Respiratory syncytial virus (RSV): What you need to know

Respiratory syncytial virus (RSV) is a common respiratory virus that causes cold-like symptoms in children and adults. Symptoms usually go away on their own in 1 or 2 weeks. 

Most children will get an RSV infection with mild symptoms by the time they are 2. But for some children under 1, RSV can develop into more serious conditions like bronchiolitis (swelling of the small airways in the lungs) or pneumonia (infection of the lungs). Here’s what you need to know.

Why are more children becoming severely ill from RSV?

In the winter of late 2020 into early 2021, there were almost no cases of RSV. Today, some children with RSV are becoming severely ill because they have little natural protection. That’s because their immunity has lessened, or they weren’t exposed to respiratory viruses before the pandemic.

Is RSV a new virus?

No. Almost all children get an RSV infection by their second birthday.

What are the symptoms of RSV?

Symptoms of RSV usually appear within 4 to 6 days after infection and include:

  • Congested or runny nose
  • Decreased appetite
  • Coughing
  • Sneezing
  • Fever
  • Moderate wheezing

In some cases, RSV can develop into more severe conditions like pneumonia. Symptoms to look out for include: 

  • Severe wheezing
  • Rapid breathing or respiratory distress
  • Bluish skin or fingernails
  • Refusal to drink liquids, breastfeed, or chestfeed
  • Decreased number of wet diapers
  • Extreme tiredness

When should I seek immediate medical attention?

If you’re worried your child is having a serious breathing problem or if they have bluish skin or fingernails, call 911 or go to your nearest emergency department. 

How long does an RSV infection last?

An RSV infection lasts about 3 to 7 days but coughing and wheezing can last for several weeks. 

How is someone infected with RSV?

RSV spreads through the air from droplets from coughing or sneezing. It can spread quickly in schools, child care centers, and other places where people are in close contact.

RSV can also survive for many hours on hard surfaces, such as toys or furniture. That’s why washing your hands regularly is important for preventing the spread of the virus.

Which children are at higher risk if they contract RSV?

Children who are most at risk of developing severe conditions include:

  • Premature infants
  • Young children with congenital (from birth) heart or chronic lung disease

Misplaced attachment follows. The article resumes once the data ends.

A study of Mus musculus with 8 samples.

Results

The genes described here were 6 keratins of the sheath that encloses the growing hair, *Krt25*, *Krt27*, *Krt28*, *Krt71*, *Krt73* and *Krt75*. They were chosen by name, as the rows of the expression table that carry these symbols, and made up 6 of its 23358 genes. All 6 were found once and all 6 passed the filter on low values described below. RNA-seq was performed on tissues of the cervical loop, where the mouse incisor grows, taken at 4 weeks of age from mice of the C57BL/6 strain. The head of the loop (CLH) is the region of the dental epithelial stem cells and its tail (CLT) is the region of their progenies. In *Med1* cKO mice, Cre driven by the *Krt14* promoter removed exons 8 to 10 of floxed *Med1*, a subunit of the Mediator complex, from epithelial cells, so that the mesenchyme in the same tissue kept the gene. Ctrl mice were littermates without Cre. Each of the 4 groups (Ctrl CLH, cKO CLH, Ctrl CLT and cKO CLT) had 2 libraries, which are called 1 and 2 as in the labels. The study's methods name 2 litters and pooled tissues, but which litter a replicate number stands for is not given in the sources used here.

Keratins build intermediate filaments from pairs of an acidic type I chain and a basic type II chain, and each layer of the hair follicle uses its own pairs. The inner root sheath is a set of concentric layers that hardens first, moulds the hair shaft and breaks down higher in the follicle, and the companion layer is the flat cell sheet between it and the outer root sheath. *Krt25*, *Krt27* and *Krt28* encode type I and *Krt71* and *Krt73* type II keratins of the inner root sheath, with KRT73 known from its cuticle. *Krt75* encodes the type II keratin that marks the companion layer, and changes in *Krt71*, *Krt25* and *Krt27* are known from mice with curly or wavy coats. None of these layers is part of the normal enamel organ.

• Young children with weakened immune systems 

How can I protect my child from RSV?

If your child is at high risk, make sure they:

  • Avoid close contact with sick people
  • Wash their hands often with soap and water for at least 20 seconds
  • Avoid touching their face with unwashed hands
  • Limit the time they spend in child care or other crowded places
  • Avoid exposure to people who are smoking 

Also, all eligible family members should get a flu shot and COVID-19 vaccination to protect children from complications.

How can I help relieve my child’s RSV symptoms?

  • Manage your child’s fever and pain with over-the-counter medications, such as acetaminophen or ibuprofen. 
  • Ensure your child is drinking lots of fluids to prevent dehydration. 
  • If your child is too young to blow their nose, use nasal saline and a nasal aspirator or bulb syringe to remove sticky nasal fluids to help with comfort and breathing.

How long is RSV contagious?

People infected with RSV are usually contagious for 3 to 8 days.

Is there an RSV vaccine?

No vaccine is available at this time, but at least 2 candidates are in late-stage clinical trials. Pfizer is also developing an antiviral drug. Antibiotics are not used to treat RSV.

Is there a test for RSV?

There are tests for RSV, but most people don’t need one unless there’s a risk they may need to be hospitalized if infected.

How common is it for children to be hospitalized for RSV?

Most of the time, RSV is a mild, cold-like illness that lasts 1 to 2 weeks. However, according to the Centers for Disease Control and Prevention, 1 to 2 percent of children younger than 6 months may need to be hospitalized. Those who are hospitalized may need oxygen or help breathing. Most children can leave the hospital within a few days.

Why is this flu season being called a potential “tri-demic?”

This flu season is being called a “tridemic” because there has been a fast rise in patients battling the flu, RSV, and/or COVID-19. All 3 viruses can lead to respiratory distress and hospitalization, especially in children under 1 or those with asthma or other health issues.